William Safran is professor of political science and director of the Center for Comparative Politics at the University of Colorado, Boulder. He is program coordinator of the Conference Groups on French Politics and Society and vice president of the Research Committee on Politics and Ethnicity of the International Political Science Association. He has written several books, including The French Polity (1977, 1979, 1985, 1991), and contributed to numerous journals and books, most recently the forthcoming Ethnic and Racial Minorities in Advanced Industrial Democracies.
This article is a revised and much enlarged version of a paper presented at the Université de Haute Bretagne, Rennes, France, in December 1988. The earlier version was published in Les Etrangers dans la ville, ed. Ida Simon and Jean-Pierre Simon (Paris: L'Harmattan, 1990). I also wish to thank two anonymous reviewers for their comments and suggestions, from which this version has benefited greatly.
1. For example, see Cobban; Shafer; Smith; Rothschild; and Enloe.
2. "Jeszcze Polska nie zginieła kiedy my żyjemy"—these are still the words of the Polish national anthem, which parallel those of "Hatikva," the Zionist and, later, Israeli national anthem: "As long as there is a Jewish soul within us . . . our eyes turn to Zion."
3. For an "inventory" of the Polish diaspora and its institutions, see Kolodziej, whose study was published under the auspices of the Cracow-based Institute for the Study of Poles Abroad.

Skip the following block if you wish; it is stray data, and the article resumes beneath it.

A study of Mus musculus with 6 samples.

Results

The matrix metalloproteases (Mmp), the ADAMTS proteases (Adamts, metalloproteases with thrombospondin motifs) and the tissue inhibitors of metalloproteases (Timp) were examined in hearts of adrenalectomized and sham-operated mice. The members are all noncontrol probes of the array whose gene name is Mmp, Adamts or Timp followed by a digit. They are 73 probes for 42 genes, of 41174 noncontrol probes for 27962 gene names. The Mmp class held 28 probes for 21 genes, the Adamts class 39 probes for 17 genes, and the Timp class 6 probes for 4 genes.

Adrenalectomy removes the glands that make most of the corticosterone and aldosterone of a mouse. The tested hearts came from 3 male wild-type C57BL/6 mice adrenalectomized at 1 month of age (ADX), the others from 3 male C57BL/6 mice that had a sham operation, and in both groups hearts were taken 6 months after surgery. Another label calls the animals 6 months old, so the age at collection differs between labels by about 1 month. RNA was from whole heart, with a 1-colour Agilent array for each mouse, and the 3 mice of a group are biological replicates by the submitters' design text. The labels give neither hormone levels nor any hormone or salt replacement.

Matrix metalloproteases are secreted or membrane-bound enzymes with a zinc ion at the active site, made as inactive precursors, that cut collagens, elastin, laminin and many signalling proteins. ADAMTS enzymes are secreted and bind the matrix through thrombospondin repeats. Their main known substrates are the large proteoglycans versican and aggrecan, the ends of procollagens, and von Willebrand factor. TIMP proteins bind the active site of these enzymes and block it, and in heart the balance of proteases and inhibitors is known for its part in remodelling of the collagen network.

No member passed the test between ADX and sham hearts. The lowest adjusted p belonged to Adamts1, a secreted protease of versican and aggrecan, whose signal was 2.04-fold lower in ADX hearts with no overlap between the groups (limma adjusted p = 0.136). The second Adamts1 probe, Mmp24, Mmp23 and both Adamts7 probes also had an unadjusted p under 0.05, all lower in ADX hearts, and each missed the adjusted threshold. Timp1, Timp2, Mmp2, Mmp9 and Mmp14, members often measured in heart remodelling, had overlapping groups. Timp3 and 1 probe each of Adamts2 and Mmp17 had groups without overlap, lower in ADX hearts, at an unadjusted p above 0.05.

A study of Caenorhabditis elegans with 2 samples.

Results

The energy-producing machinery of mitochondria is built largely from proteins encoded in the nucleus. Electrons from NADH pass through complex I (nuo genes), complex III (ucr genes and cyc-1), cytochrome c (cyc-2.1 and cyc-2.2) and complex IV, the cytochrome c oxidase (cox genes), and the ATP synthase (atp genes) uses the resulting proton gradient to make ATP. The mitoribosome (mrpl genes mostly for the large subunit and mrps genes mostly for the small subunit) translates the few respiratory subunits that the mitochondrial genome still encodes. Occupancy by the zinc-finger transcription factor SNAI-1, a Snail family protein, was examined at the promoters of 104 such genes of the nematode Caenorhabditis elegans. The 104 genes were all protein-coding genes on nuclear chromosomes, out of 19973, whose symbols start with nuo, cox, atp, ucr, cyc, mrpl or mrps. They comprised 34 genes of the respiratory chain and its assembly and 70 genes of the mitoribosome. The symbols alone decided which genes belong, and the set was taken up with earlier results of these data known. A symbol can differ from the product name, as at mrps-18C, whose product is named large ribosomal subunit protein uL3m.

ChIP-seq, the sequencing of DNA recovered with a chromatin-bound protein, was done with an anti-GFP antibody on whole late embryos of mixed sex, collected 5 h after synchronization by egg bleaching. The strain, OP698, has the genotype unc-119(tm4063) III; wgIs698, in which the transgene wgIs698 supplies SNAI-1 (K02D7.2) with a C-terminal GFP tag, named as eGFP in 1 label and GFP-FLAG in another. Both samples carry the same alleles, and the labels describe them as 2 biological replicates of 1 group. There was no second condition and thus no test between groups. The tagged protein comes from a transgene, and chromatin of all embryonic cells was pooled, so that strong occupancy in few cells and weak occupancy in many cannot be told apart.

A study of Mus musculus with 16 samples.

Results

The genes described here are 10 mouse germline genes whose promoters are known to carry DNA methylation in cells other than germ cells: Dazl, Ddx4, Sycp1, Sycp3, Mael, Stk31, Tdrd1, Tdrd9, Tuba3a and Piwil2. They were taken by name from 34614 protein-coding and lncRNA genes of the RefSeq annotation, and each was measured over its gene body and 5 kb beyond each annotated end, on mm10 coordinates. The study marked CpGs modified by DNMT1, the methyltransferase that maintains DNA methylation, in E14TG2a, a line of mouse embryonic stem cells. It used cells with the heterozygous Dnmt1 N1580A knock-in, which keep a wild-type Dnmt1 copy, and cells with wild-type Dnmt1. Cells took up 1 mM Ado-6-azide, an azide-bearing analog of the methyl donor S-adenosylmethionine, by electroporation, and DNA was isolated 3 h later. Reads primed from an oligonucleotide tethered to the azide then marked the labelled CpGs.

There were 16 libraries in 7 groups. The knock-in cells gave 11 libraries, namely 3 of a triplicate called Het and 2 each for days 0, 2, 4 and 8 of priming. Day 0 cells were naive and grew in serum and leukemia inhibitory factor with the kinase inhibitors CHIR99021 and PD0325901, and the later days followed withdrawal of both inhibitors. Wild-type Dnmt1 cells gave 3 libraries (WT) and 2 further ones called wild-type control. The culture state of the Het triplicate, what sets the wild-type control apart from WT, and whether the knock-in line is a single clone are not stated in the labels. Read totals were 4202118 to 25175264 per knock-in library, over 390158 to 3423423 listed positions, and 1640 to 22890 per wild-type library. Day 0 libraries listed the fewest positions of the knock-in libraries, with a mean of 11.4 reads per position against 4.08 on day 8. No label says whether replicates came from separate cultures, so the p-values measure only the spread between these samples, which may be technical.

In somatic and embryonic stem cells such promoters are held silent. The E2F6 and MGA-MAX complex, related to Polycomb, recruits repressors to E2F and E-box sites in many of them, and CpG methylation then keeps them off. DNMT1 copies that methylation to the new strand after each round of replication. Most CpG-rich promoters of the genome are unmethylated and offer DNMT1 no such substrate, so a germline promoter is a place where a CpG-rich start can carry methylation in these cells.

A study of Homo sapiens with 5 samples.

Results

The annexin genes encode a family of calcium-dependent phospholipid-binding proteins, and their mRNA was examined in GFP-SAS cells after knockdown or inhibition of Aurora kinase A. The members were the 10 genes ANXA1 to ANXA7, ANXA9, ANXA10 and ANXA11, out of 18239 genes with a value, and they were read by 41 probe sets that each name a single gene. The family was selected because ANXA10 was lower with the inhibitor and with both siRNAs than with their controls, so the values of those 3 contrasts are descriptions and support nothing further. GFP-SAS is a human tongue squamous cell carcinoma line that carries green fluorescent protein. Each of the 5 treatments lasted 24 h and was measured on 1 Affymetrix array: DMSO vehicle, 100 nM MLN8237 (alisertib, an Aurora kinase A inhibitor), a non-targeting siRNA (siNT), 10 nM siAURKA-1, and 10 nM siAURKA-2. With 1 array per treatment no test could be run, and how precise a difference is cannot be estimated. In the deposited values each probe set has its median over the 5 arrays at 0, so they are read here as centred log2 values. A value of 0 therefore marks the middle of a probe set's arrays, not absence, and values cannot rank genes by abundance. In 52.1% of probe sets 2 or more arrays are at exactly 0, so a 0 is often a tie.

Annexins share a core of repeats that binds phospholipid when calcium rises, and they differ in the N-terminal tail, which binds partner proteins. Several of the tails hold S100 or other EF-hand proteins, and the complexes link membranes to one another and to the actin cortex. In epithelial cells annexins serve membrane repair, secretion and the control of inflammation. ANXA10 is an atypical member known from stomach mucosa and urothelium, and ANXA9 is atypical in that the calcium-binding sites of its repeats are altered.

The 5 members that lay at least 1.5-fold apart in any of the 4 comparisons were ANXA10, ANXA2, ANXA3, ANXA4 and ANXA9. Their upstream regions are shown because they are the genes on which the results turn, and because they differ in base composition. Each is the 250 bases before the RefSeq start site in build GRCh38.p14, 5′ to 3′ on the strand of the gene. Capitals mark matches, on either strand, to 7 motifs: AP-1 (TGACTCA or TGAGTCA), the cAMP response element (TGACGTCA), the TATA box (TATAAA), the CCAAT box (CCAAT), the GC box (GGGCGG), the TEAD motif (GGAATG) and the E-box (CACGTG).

4. See Morsy (15ff), who points out that this label is often used even for third-generation descendants of Algerian immigrants.
5. The term "Palestinian Arab" is preferred by some Israeli Jews, especially those of the older generation who remember that the term "Palestinian" was applied to the Jewish as well as the Arab inhabitants of Mandate Palestine. In Britain, the major fundraising agency in behalf of the Jewish settlers used to be called the United Palestine Appeal, and the Jerusalem Post, the English-language daily of the Jews in Israel, was, until 1948, known as the Palestine Post.
6. According to one sympathetic observer of the Palestinian condition, the focus of the Palestinians' homeland aspirations would not be Haifa (or the rest of Israel within the pre-1967 borders), "as a first step at least" (Colin Smith 5).
7. According to Zuheir Mohsen, head of the Saiqa faction of the PLO, "There are no differences between Jordanians, Palestinians, Syrians, and Lebanese. . . . It is only for political reasons that we carefully underline our Palestinian identity." Saiqa is backed by the Syrian government.